Thursday, 18 February 2010

The Hundred Thousand Kingdoms, Book Review

by N. K. Jemisin
ISBN: 9780316043915
Release Date: February 25, 2010

Pros: a lot of good interpersonal relationships, unique mythology, excellent worldbuilding, interesting characters (particularly Sieh), some romance

Cons: the political maneuverings of the potential heirs takes a back seat to other affairs (which is only a con in that I was expecting the book to deal more with the politics of the Kingdoms)

The Hundred Thousands Kingdoms is a fantasy novel that grabbed my interest from page one and didn't let it go. Yeine Darr is narrating 2 very interesting weeks of her life. At times she interrupts her own story to mention something she forgot to say earlier or something about the world and its people she thinks you should know. This makes for an engaging read as it's almost like being around a camp fire and hearing a live storyteller (in the way that dialogue feels real even though people don't speak the way dialogue is presented).

Yeine is a leader among her 'barbarian' people. She is also the half-blood granddaughter of the current ruler of the Hundred Thousand Kingdoms. And he has called her to Sky for reasons she does not know.

While there, she plans to force her grandfather to admit to her mother's murder.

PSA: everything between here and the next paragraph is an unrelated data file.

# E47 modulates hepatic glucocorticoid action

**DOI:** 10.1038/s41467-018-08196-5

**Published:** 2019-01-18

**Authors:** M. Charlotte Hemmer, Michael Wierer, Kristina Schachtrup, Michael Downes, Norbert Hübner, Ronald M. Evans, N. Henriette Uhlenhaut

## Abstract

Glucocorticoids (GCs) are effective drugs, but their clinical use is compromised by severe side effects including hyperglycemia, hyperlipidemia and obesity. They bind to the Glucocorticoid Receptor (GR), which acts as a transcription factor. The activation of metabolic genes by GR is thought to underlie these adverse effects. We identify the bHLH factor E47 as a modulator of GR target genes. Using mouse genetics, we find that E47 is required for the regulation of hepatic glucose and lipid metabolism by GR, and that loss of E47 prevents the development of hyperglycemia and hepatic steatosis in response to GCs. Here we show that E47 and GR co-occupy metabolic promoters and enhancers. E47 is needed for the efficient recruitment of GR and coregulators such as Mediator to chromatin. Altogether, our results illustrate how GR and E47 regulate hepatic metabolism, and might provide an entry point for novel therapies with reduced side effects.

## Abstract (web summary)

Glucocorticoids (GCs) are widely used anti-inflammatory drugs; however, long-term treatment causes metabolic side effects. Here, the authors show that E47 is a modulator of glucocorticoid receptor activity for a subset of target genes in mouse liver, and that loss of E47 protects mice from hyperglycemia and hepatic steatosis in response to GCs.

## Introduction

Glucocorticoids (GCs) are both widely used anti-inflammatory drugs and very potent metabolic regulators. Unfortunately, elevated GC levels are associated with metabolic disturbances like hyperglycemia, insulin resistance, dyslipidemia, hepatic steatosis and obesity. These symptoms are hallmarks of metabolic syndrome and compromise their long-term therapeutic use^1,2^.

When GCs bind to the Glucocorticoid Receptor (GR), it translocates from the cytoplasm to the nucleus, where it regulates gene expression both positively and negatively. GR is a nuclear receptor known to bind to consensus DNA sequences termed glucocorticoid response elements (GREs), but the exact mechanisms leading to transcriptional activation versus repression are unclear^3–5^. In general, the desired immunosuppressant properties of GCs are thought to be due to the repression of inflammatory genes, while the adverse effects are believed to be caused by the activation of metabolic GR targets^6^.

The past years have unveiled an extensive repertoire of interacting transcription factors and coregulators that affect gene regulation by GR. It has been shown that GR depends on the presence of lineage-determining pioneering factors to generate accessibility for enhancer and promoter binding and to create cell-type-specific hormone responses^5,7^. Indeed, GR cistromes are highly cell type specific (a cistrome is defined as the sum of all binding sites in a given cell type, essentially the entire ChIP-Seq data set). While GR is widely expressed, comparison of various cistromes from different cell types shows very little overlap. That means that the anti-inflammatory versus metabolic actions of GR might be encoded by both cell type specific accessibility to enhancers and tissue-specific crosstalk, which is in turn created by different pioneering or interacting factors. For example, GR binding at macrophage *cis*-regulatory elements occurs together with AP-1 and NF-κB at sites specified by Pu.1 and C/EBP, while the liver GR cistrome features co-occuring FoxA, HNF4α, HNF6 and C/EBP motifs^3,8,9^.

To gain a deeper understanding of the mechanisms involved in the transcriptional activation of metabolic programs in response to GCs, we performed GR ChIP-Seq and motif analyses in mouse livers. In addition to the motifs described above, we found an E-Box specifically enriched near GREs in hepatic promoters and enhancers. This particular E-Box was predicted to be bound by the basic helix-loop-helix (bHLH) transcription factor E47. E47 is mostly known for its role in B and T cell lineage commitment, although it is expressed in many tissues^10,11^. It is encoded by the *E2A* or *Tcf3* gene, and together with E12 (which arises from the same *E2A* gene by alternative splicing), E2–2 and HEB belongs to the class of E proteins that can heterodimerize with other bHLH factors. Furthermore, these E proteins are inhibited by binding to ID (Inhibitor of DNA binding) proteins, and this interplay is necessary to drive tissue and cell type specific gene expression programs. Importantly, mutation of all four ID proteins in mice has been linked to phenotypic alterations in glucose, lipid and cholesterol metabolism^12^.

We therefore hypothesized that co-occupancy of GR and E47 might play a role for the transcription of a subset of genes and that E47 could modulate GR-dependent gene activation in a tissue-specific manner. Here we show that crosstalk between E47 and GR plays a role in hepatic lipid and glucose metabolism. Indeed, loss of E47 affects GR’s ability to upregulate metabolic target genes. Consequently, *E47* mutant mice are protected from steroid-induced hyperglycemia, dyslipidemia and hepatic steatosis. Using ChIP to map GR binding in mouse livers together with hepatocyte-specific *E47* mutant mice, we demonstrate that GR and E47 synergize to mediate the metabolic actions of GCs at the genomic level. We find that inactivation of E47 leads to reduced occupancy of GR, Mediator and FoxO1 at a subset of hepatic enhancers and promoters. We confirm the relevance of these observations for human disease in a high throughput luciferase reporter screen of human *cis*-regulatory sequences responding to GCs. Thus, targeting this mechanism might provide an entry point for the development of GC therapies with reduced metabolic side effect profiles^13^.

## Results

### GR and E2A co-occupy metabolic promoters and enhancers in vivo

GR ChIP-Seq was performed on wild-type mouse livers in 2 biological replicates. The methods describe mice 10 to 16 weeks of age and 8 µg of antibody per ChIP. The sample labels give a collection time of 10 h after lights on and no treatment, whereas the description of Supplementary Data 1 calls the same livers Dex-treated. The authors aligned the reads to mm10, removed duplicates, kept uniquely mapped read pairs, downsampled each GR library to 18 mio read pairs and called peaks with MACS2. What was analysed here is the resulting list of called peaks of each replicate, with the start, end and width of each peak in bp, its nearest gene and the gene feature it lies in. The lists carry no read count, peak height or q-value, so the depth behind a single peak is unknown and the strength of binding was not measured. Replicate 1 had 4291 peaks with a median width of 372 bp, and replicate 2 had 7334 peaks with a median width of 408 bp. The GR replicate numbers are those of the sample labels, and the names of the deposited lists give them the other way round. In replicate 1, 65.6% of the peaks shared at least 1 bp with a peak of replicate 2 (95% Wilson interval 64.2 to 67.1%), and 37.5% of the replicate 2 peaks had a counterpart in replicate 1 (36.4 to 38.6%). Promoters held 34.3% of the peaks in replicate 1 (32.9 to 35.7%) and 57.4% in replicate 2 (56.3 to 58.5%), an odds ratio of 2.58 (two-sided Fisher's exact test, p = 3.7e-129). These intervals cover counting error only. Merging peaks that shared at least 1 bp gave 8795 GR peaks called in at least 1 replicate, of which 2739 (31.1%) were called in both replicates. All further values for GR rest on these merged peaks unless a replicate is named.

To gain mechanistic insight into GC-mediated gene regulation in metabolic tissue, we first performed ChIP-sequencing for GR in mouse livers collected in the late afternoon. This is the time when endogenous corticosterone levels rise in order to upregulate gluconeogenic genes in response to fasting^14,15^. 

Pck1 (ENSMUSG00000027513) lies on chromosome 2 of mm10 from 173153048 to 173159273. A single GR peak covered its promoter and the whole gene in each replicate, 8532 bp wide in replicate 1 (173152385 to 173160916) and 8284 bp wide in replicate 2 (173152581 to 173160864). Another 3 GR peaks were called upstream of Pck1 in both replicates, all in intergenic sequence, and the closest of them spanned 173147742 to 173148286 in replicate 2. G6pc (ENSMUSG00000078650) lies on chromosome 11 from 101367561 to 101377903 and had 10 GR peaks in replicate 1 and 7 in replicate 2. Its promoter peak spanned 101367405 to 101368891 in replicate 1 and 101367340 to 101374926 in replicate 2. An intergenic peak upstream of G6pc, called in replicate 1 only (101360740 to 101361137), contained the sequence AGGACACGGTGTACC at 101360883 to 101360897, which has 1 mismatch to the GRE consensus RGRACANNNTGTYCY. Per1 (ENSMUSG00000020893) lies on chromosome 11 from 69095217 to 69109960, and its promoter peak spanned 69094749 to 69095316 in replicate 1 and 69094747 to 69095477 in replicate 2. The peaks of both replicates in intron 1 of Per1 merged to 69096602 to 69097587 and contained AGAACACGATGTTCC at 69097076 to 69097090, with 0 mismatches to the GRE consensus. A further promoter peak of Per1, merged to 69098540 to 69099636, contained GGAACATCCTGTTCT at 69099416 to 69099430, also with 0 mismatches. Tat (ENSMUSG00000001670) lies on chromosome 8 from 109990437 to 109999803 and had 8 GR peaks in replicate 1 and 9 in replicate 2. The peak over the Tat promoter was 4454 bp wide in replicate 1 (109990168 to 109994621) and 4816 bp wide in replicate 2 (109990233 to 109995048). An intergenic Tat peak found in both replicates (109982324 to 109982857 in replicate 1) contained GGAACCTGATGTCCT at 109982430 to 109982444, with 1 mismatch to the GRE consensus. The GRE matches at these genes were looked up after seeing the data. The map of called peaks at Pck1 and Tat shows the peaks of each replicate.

But once in Sky Yeine meets Nahadoth, Sieh, Kurue and Zhakkarn, one of the Three Gods and his children. They were defeated by Bright Itempas and made slaves to and weapons for the Kingdoms' Arameri rulers. And they have their own plans for Yeine.

Jemisin has developed a distinctive voice, which was a pleasure to read. Her characters are engaging and sympathetic - even when they're doing things you otherwise wouldn't agree with. The plot is deceptively simple, gaining in complexity as the story progresses. You'll think you know what the ending is going to be. You don't.

The contest between Yeine and her cousins to see who will become the heir to the Hundred Thousand Kingdoms was more of a backdrop to other events than the main plot, which surprised me. I would have liked to see more of the conflict - backbiting, political maneuvering, etc.

The Gods and their history are fascinating. From their various births, their jealousy, hatred and love, to the war that rips them apart, you can't wait to learn more about them.

It's a great book and the sequel promises to show more of the world Jemisin has created.